This is the VOA Special English Economics Report.
economic crisis is claiming another victim: world trade. Last month the World
Bank predicted a two percent decrease this year -- the largest drop since the
Economies that depend on exports for growth have been
hit hard. Japanese exports decreased almost twenty-seven percent in November
from a year earlier. Japan has the world's second largest economy.
A new report this week from China
showed that its economy became the world's third largest in two thousand seven,
passing Germany. China could also pass Germany as the world's biggest exporter.
But Chinese exports fell almost three percent in December from a year earlier
-- the sharpest drop in at least ten years.
A story in the Chinese
news magazine Outlook warned that factory closings could lead to unrest as the
latest reports show that German exports in November were down almost twelve
percent from the year before.
American exports decreased almost two percent in
November from a year earlier. They were down six percent from October -- but imports
were down twelve percent. That reduced the monthly trade deficit to the lowest
level in five years.
has improved in some cases since the financial crisis worsened in September.
But falling demand, including reduced demand for oil, has cut trade around the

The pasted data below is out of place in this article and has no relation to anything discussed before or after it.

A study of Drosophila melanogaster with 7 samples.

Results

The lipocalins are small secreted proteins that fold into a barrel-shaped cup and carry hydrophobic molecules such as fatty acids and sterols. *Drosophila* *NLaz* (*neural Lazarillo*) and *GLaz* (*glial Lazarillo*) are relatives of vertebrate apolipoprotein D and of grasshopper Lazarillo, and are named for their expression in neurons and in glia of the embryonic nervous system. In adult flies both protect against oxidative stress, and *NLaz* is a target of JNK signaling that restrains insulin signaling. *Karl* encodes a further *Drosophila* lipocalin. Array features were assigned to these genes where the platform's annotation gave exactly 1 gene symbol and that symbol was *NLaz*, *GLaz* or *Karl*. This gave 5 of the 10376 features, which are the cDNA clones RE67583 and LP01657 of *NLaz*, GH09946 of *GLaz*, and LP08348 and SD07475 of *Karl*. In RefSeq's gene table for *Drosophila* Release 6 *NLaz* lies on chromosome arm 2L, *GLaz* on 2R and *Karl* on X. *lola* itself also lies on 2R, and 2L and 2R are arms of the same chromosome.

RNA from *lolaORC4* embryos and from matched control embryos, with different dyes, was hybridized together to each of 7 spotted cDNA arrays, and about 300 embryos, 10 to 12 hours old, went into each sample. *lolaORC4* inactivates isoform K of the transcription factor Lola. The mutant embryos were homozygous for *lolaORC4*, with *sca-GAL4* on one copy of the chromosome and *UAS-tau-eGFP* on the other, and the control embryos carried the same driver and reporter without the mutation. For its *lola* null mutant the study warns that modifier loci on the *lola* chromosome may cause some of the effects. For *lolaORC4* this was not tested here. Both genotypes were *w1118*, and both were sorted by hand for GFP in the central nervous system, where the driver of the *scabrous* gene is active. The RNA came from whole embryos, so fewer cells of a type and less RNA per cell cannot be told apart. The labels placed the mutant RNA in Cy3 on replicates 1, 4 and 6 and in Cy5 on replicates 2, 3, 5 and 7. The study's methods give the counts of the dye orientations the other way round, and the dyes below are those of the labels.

world. The International Monetary Fund recently called for government spending,
tax cuts and international cooperation to support growth.
ease credit, the Bank of England last week reduced its main interest rate to
one and one-half percent -- its lowest ever. The bank was established in
sixteen ninety-four. Britain's economy may have shrunk by one percent just in
the final three months of last year. The first estimates are expected at the
end of January.
This week, Germany's
coalition government agreed to an economic aid package worth about sixty-seven
billion dollars. The two-year plan calls for spending on public works and a tax
cut for low-income Germans. Critics considered an earlier measure too small to
fight the recession in Europe's largest economy.
Aides to President-elect Barack Obama
have been negotiating with Congress on a two-year recovery plan for the world's
largest economy. On Wednesday, Democratic Senator Charles Schumer of New York
suggested that the price could reach eight hundred fifty billion dollars.
that's the VOA Special English Economics Report, written by Mario Ritter. I'm Steve Ember.